All those bikes the city purchased for its bike-share program would be come obsolete with an all-electric system. (City of Seattle)

The city of Seattle has chosen a new vendor to completely replace the bike share program it bailed out for $1.4 million earlier this year, and the new electric-assist fleet will likely cost about $5 million more.

It will begin negotiations with Bewegen, a Canada-based company that recently signed a contract to roll out the bikes in Baltimore.

“Some people look at it and say, ‘You’re throwing good money after bad.’ How do you respond to that?” KIRO 7 asked SDOT’s Transportation and Mobility director, Andrew Glass Hastings.

Related: Will Seattle officials be able to electrify struggling bike program?

“I’d say, give us a chance to see if we can come to a contract that really resets bike share in Seattle,” he said.

He said if the city moves forward with the new system, the city would try to sell the equipment it purchased, which includes about 500 bikes and about 50 docking stations, to a college, a corporation with a large campus, or another city to try to recoup the costs.

The new bikes have electric motors that assist riders as they pedal. Some like the idea.

“It takes a lot of energy going up these hills, so why not just make it electric,” Shawn Toor said.

Others are doubtful.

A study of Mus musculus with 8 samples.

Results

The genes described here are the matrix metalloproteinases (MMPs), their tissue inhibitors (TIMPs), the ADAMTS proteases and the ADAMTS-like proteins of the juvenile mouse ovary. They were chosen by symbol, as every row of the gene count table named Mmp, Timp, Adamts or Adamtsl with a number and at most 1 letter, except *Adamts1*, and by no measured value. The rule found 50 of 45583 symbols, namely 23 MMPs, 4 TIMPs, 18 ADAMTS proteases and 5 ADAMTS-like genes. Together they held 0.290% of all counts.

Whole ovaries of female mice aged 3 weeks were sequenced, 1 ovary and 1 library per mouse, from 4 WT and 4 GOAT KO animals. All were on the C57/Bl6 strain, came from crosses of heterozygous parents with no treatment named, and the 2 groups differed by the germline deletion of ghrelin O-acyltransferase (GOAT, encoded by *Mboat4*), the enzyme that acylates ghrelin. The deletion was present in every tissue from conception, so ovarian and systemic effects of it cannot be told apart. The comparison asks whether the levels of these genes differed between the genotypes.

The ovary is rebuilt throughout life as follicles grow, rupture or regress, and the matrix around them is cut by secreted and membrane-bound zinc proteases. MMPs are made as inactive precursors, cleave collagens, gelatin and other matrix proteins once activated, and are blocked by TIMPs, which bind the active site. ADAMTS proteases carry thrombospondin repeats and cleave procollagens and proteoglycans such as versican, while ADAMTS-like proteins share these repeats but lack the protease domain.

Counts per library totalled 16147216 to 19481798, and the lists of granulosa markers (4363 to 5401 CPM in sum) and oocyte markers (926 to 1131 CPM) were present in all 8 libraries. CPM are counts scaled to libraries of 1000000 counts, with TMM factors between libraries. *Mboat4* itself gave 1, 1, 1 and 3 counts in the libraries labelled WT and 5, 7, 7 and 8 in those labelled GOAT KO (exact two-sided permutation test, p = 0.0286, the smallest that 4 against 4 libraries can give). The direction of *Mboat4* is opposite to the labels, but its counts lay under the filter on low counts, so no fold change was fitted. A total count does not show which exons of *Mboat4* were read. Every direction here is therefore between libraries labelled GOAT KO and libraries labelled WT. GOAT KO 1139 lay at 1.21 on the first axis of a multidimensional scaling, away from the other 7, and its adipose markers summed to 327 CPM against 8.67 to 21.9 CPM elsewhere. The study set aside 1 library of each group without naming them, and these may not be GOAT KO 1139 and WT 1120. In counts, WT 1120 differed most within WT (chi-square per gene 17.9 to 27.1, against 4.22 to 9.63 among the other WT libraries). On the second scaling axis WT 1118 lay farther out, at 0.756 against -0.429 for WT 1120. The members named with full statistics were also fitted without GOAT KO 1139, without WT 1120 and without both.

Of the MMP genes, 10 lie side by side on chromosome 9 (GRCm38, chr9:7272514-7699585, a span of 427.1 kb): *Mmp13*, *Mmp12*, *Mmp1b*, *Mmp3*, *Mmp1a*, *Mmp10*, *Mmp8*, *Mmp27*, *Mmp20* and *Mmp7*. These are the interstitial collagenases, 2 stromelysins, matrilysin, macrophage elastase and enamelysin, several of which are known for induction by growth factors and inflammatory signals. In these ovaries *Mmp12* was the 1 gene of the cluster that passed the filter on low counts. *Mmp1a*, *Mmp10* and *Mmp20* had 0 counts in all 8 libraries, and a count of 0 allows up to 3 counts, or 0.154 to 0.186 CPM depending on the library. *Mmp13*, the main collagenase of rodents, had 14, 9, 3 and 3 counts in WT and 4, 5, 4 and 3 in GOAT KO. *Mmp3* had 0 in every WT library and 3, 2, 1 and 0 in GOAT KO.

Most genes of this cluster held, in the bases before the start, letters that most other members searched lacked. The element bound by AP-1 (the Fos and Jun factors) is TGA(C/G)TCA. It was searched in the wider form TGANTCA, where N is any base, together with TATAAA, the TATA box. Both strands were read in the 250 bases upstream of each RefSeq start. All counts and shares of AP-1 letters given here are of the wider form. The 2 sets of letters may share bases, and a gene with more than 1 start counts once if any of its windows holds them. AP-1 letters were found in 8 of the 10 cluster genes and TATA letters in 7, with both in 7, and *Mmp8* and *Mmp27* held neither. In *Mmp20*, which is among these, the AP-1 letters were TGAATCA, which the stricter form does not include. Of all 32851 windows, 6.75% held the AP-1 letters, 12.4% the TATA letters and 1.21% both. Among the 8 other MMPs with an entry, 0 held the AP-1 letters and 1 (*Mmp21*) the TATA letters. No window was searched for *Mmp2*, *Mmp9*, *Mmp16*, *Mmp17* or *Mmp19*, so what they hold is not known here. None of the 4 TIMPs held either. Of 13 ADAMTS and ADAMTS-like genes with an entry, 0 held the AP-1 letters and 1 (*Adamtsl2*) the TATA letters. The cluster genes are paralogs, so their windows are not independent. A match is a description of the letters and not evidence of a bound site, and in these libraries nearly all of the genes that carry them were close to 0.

“[Is] the fact that they’re not electric really the problem? Is that what’s preventing people from using them?” Jeff Vedvick, who used to cycle about 100 miles a week going back and forth to work, said. “I don’t know, that seems like a little bit of a reach to me.”

KIRO 7 asked Glass Hastings, “Is there any kind of data or any kind of study that shows more people in Seattle would use electric-assist bikes?”

“There’s lots of data that shows that electric assist bikes are a more attractive bike share option for the common user,” Glass Hastings said.

“OK, but not a study in Seattle?” KIRO 7 asked.

“I’ll have to find out whether there’s been a study done in Seattle,” he said.

Glass Hastings said later that a study exists and that he will provide a copy of the study to KIRO 7 next week.

There are two financial proposals. In one, Glass Hastings explained, the city pays for the equipment but Bewegen assumes the financial risk. It would be responsible for operating costs, get the profits, and use 50 percent of the profits generated to further expand the system.

In the other, the city assumes risk but gets the profits, which Bewegen estimates at $600,000.

“That’s a huge number, considering Pronto was failing,” KIRO 7 said. “How do you believe that number in terms of a profit?”

“Yeah, and so the city’s going to do its own analysis, financial analysis,” Glass Hastings said. “We’re using the response and financial analysis that came from the vendor as a reference point. We’re going to do our own analysis to compare and vet that information.”

The city’s goal was to roll out the new bike share system in summer of 2017, but depending on how long negotiations take, it could be much longer than that. Glass Hastings said SDOT does not plan to make the same mistake that Pronto did by launching in the fall. If summer 2017 does not work, he said the city would launch in the spring of the following year.

Glass Hastings said SDOT will need City Council approval before it can move forward.